The Colour Of Magic : (Discworld Novel 1), Paperback Book

The Colour Of Magic : (Discworld Novel 1) Paperback

Part of the Discworld Novels series

3.5 out of 5 (4 ratings)


Twoflower was a tourist, the first ever seen on the Discworld.

Tourist, Rincewind decided, meant idiot. Somewhere on the frontier between thought and reality exists the Discworld, a parallel time and place which might sound and smell very much like our own, but which looks completely different.

It plays by different rules. Certainly it refuses to succumb to the quaint notion that universes are ruled by pure logic and the harmony of numbers. But just because the Disc is different doesn't mean that some things don't stay the same.

Its very existence is about to be threatened by a strange new blight: the arrival of the first tourist, upon whose survival rests the peace and prosperity of the land.

But if the person charged with maintaining that survival in the face of robbers, mercenaries and, well, Death is a spectacularly inept wizard, a little logic might turn out to be a very good idea...



Review by

I must admit I was disappointed. I expected more.I played the PC Discworld games years ago and they were great. Based on this one book I'm not sure I see why the series is so popular. The book was funny in parts, but it just jumped around so much you got frustrated. I might read the next one and see if it is better.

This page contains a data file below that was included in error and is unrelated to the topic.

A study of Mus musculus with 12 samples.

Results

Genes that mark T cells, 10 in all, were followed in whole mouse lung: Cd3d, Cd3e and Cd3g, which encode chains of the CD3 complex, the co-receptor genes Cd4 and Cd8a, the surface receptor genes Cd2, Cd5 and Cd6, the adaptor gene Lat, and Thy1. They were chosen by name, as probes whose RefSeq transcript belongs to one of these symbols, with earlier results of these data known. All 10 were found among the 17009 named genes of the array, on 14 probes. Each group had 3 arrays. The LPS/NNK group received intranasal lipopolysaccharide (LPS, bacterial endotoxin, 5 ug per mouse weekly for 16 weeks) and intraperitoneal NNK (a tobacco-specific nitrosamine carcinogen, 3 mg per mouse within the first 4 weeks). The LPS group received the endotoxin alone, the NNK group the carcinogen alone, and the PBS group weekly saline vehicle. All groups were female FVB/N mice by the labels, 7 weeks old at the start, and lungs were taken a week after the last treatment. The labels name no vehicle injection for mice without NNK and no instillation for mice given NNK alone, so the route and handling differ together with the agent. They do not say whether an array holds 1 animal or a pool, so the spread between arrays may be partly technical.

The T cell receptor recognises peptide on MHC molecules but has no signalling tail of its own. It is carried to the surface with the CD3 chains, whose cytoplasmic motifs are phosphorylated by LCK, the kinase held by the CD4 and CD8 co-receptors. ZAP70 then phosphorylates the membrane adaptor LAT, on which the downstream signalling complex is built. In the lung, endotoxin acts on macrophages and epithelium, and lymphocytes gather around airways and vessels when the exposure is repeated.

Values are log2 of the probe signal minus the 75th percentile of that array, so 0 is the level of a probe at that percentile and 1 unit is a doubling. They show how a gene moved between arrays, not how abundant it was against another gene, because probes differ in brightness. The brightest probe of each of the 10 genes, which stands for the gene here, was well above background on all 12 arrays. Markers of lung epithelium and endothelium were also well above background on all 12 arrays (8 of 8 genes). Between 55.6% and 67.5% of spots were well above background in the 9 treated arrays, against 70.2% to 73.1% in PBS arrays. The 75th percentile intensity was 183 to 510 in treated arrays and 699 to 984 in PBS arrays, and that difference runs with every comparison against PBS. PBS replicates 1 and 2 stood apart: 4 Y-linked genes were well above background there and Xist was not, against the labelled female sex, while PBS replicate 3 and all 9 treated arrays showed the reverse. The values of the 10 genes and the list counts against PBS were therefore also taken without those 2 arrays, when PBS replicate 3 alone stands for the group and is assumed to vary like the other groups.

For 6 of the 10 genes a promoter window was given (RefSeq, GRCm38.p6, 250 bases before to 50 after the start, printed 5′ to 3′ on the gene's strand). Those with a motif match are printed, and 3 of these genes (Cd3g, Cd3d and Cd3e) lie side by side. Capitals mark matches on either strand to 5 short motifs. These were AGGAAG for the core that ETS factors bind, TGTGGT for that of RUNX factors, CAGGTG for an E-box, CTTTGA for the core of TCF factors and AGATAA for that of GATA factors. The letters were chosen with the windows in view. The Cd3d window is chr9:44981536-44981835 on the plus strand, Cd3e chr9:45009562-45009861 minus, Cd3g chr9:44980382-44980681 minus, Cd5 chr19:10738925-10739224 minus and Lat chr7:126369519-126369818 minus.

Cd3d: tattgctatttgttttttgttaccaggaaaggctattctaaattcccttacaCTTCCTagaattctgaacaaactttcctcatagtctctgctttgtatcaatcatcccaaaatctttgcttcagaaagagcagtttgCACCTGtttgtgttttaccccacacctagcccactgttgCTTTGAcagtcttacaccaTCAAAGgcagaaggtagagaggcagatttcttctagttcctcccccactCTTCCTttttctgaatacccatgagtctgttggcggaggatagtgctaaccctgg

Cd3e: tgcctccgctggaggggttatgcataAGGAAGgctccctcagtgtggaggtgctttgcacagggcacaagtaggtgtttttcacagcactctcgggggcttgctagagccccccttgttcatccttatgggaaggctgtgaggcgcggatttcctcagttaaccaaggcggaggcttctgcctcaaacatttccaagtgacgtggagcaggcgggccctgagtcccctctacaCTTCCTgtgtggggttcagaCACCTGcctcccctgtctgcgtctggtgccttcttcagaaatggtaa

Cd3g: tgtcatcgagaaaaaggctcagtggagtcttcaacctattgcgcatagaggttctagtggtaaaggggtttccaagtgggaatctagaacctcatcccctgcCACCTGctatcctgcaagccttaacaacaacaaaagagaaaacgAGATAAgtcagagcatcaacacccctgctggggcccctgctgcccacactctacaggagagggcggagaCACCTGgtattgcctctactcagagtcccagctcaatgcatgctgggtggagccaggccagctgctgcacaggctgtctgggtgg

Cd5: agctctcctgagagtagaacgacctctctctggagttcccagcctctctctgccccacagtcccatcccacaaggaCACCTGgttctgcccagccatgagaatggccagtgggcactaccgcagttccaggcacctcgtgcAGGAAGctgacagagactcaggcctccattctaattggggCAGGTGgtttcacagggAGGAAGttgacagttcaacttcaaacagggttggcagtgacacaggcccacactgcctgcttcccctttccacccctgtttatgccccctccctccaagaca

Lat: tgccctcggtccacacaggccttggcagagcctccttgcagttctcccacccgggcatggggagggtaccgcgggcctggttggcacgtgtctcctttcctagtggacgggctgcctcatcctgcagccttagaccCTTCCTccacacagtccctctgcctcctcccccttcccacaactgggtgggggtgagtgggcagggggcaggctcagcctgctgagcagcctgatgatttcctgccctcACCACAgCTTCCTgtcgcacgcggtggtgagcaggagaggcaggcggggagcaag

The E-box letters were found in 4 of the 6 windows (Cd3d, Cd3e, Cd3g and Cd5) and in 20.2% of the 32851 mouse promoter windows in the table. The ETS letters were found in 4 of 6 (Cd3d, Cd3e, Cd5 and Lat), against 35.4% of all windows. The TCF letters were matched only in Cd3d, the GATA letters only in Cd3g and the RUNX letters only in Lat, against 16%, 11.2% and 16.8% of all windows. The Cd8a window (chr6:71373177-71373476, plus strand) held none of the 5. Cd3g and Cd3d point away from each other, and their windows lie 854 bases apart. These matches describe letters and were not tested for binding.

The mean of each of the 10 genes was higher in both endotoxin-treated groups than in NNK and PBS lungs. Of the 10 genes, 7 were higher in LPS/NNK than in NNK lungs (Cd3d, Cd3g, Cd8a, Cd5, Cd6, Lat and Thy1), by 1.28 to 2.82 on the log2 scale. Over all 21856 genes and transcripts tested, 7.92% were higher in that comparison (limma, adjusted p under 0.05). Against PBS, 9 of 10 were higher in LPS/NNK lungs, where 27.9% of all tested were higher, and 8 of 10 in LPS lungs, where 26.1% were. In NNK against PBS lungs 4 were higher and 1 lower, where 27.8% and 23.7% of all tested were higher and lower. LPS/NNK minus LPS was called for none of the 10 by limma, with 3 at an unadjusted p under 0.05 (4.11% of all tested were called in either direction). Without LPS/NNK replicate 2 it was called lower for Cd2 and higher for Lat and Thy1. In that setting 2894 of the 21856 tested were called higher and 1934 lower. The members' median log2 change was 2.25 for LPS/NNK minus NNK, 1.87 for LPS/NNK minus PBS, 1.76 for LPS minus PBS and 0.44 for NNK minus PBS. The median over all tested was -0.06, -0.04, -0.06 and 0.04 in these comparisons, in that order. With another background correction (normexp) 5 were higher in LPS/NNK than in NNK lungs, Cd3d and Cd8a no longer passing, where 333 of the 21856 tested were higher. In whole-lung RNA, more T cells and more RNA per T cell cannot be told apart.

Review by

To be honest I always refused to read a Pratchet novel becasue of those cartoony corgi covers they were in. Seeing these new covers I thought I would give it a try - I know I am shallow. It turned out to be a great idea as I had great fun gallavanting through this exciting book full of coloUrful characters. There is a lot of humoUr here and I was reminded a lot of Douglas Adams at times. The world Pratchett creates is vivid and addictive- I want to learn more and more about it so therefore I have just orderd some more discworld novels.

Review by

well the good thing is that the Discworld series gets better after this one.

Review by

've come to Terry Pratchett somewhat late, only to find I've overlooked a writer deft at the difficult art of farce. Imaginative, funny, zany and without any pretense, Pratchett's The Colour of Magic is an easy, entertaining read that demands nothing of you but your willingness to again become a child and explore a sense of wonder. The world Pratchett creates is a disc carried upon the the backs of four elephants, who in turn ride a great galactic turtle. On this disc-world magic abounds (and hence the interdit regarding the number eight), as do strange creatures (I particularly loved the luggage), strange adventures and even stranger outcomes. Just when you think you've figured out this world and this plot, Pratchett turns his story upside down to see what shakes out.For sheer escapism and entertainment, it doesn't get much better.